The Beatles continued their participation in the Tommy Roe & Chris Montez tour during the final week of March 1963. After a rare day off for the Beatles, they resumed with their tour performances on Tuesday, March 26, at the Granada Cinema in Mansfield. This was followed by a Wednesday night show at the ABC Cinema in Northampton and a Thursday evening show at the ABC Cinema in Exeter, Devonshire. On Friday night, the tour was at the Odeon Cinema in London. Saturday night’s show was at the Guildhall in Portsmith, Hampshire. The final tour performance was on Sunday, March 31, at De Montfort Hall in Leicester, Leicestershire.
Towards the end of the tour, Beatles manager Brian Epstein gave Tommy Roe a copy of the Beatles Please Please Me album and a Beatles press kit. According to Roe, he brought the items back with him to the States and presented them to executives at his American record company in New York. After Roe said favorable things about the group, one of the executives placed the album on the turntable to give it a listen. About a minute later, he lifted the needle, removed the disc from the turntable and tossed it across the room. He told Roe to stick to singing and let them be the judge of talent.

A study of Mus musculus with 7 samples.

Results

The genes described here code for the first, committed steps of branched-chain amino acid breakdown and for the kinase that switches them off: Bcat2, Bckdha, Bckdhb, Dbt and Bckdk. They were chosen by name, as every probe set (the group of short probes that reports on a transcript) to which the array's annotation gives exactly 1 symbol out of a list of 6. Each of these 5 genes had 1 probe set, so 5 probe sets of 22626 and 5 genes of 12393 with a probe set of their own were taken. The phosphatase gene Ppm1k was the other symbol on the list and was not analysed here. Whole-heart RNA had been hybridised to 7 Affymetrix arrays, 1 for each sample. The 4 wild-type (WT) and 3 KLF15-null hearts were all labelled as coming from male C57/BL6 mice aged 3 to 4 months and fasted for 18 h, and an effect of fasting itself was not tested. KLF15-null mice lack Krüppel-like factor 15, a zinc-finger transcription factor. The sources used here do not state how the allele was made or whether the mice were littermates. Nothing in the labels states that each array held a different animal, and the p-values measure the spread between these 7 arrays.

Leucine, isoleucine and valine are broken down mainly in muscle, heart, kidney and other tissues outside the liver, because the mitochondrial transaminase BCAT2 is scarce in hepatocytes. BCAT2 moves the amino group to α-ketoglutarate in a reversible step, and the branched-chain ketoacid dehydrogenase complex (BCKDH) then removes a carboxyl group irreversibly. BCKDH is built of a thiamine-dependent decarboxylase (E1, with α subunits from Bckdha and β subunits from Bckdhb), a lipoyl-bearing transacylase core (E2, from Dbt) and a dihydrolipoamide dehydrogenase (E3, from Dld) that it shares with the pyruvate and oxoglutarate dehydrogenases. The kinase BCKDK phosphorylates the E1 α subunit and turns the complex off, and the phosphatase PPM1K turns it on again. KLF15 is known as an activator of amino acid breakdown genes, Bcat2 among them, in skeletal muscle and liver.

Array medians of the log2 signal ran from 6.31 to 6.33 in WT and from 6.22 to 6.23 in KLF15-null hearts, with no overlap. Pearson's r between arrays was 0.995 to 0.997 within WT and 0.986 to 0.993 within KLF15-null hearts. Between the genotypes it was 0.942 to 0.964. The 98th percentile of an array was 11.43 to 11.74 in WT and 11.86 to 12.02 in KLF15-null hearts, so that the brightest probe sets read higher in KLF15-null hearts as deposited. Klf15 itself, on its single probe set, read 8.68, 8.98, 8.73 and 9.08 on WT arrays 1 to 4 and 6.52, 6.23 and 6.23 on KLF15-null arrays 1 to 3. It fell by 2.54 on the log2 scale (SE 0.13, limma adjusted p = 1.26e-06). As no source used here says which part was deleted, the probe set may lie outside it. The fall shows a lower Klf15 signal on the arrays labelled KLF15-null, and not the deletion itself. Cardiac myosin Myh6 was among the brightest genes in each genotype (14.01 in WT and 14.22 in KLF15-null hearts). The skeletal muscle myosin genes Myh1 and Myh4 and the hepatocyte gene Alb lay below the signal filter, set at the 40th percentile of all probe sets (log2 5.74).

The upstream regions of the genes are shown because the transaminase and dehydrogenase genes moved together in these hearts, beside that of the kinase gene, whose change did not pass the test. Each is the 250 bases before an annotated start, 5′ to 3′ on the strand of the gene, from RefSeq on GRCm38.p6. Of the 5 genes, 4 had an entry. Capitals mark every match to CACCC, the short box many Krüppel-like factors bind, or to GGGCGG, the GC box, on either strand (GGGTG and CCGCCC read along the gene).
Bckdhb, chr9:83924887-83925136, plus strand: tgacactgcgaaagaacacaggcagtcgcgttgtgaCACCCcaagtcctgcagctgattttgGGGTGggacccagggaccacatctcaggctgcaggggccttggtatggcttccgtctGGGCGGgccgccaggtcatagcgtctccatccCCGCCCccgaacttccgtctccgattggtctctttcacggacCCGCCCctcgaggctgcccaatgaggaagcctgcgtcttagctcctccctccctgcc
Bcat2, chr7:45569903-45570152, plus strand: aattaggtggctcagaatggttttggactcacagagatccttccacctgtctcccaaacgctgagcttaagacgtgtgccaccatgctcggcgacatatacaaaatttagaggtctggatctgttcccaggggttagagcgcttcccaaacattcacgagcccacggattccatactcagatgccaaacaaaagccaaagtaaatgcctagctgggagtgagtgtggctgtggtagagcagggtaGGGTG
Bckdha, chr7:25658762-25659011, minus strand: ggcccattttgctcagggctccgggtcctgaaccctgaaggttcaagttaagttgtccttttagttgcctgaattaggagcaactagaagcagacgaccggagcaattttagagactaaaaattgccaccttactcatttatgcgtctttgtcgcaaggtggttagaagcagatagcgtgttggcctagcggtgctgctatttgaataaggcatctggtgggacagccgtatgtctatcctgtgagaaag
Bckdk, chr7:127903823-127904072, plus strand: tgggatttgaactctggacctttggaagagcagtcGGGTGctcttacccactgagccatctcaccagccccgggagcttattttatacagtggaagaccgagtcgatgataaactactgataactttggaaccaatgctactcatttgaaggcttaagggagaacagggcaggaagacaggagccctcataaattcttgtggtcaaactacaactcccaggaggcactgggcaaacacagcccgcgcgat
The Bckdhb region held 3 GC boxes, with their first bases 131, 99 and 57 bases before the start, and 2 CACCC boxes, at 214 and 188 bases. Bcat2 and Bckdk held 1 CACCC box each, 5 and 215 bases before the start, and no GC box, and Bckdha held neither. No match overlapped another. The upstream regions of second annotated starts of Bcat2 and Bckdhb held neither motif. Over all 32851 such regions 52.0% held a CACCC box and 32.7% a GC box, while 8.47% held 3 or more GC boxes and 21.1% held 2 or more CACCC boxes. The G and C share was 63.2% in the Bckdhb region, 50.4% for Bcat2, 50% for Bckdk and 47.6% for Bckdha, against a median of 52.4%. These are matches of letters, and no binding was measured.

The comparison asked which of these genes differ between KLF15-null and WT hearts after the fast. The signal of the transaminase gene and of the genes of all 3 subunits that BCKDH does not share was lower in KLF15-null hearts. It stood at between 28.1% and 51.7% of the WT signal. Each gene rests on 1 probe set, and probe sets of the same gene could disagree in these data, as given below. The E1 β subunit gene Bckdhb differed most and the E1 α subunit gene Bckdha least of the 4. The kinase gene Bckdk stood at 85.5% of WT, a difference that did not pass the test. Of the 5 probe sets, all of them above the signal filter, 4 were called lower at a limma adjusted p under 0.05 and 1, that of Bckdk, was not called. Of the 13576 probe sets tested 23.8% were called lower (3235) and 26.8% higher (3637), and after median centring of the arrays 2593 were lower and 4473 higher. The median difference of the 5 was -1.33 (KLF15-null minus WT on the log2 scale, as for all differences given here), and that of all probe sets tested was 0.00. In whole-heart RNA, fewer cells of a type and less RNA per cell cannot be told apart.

While those executives undoubtedly later regretted the day that doubted Tommy Roe’s ability to pick an up-and-coming band, it probably would not have mattered because Vee-Jay Records had a right of first refusal for all Beatles releases under the terms of its licensing agreement with EMI. Still, the story provides another example of an American record company failing to recognize the incredible talent of the Beatles.
Today’s trivia question relates to the above story.
What was the name of Tommy Roe’s record company that thought the Beatles had no potential in the States?